Monday, 3 September 2012

cycling moments

eye burn
Coincidentally, after my post yesterday, I read FAQ's concurrent blog entry about cycling.

It reminded me of a few of my own non-expert observations during cycling.

City Version
  • Recognise that fixies are generally ridden by quick people. Some commuter lanes (like the Embankment around rush-hour) can be very competitive.
  • Other cyclists will, in general, be faster than me.
  • My own fixie is more or less a vanity project. I have even flipped the rear wheel so that it can freewheel. And yes, it has proper brakes.
  • The weight of the security and safety devices needed for London are around 1/3 of the bike's weight.
  • Stay away from the left hand side of big vehicles and expect car doors to spring open at a moment's notice.
  • Don't tell anyone where your secure secret bike parking spot is located.
  • For entertainment, it is worth stopping with the Brompton foldable bike around Westminster or Buckingham Palace and collapsing and reassembling it. There will be tourists genuinely interested in the process. The reassemble with a 'rear-wheel-flip' is particularly crowd pleasing.
  • The Brompton's hub gear is surprisingly useful.
Country Version
  • Overtaking in hilly countryside needs to be ego-less. The elderly couple or the tourers with laden panniers will inevitably re-appear. It is best to hop off and adjust something.
  • The countryside route long hills often have alternative quieter routes which are just as difficult but with less people around to watch the struggle.
  • There is a ping-whizz sound from fast cyclists as they overtake.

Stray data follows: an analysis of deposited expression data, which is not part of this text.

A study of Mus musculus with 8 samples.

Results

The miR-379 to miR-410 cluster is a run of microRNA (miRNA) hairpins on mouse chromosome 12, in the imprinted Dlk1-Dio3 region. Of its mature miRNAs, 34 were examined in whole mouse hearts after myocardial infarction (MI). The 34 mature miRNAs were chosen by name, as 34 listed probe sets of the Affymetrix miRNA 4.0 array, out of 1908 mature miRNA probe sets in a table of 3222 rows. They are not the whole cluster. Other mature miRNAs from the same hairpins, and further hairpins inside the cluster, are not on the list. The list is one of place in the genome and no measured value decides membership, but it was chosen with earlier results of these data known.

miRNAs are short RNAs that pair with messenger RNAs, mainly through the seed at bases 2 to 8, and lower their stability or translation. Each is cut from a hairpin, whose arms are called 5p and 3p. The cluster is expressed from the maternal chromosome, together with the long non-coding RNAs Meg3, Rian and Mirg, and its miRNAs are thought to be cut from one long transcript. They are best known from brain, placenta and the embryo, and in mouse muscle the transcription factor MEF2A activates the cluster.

• It's courteous to make noises when otherwise stealthily overtaking joggers and pedestrians in quiet lanes
  • It's good to say hello to people moving at similar speeds in the other direction
Everywhere
  • There is a point where getting wet ceases to matter. It is better to just smile in such circumstances and watch motorists give a wide berth.
  • Everyone has already heard all the smug quotes about the right clothing.
  • Surprisingly small adjustments to the saddle and even the handlebar height can make quite a difference to the amount of aches and pain.
  • A small camera is better than a mobile phone when needing an excuse to stop for a rest because it can look more obviously purposeful.
  • Take the small bag with the spare bits, mini pump, emergency £10 note and all-in-one tool.
  • Even a heavily squashed Nutri-grain bar at the bottom of a rucksack can be extremely welcome after a certain amount of pedalling.
I'm sure there's more and I may come back to add some at a later date.

2 comments:

RFM said...

The day-glo wheels of your fixie are shocking!

I just got myself some rollers, so I can sustain the fitness through the winter months. Haven't tried them yet, but they seem terrifying.

Was going to ask, where do you stand on the use of earbuds/headphones while cycling?

rashbre said...

RFM: Plus the orange accessories? - surely not a problem?

I will be interested to read how the rollers go. I assume you will add a television or something to the ensemble?

I don't ever use earphones etc. on a bike if on the street.

If I'm on a trainer I've a set of cheap headphones from Sainsbury's which can also be draped over the handlebars without getting the extra long 2m cable all tangled up.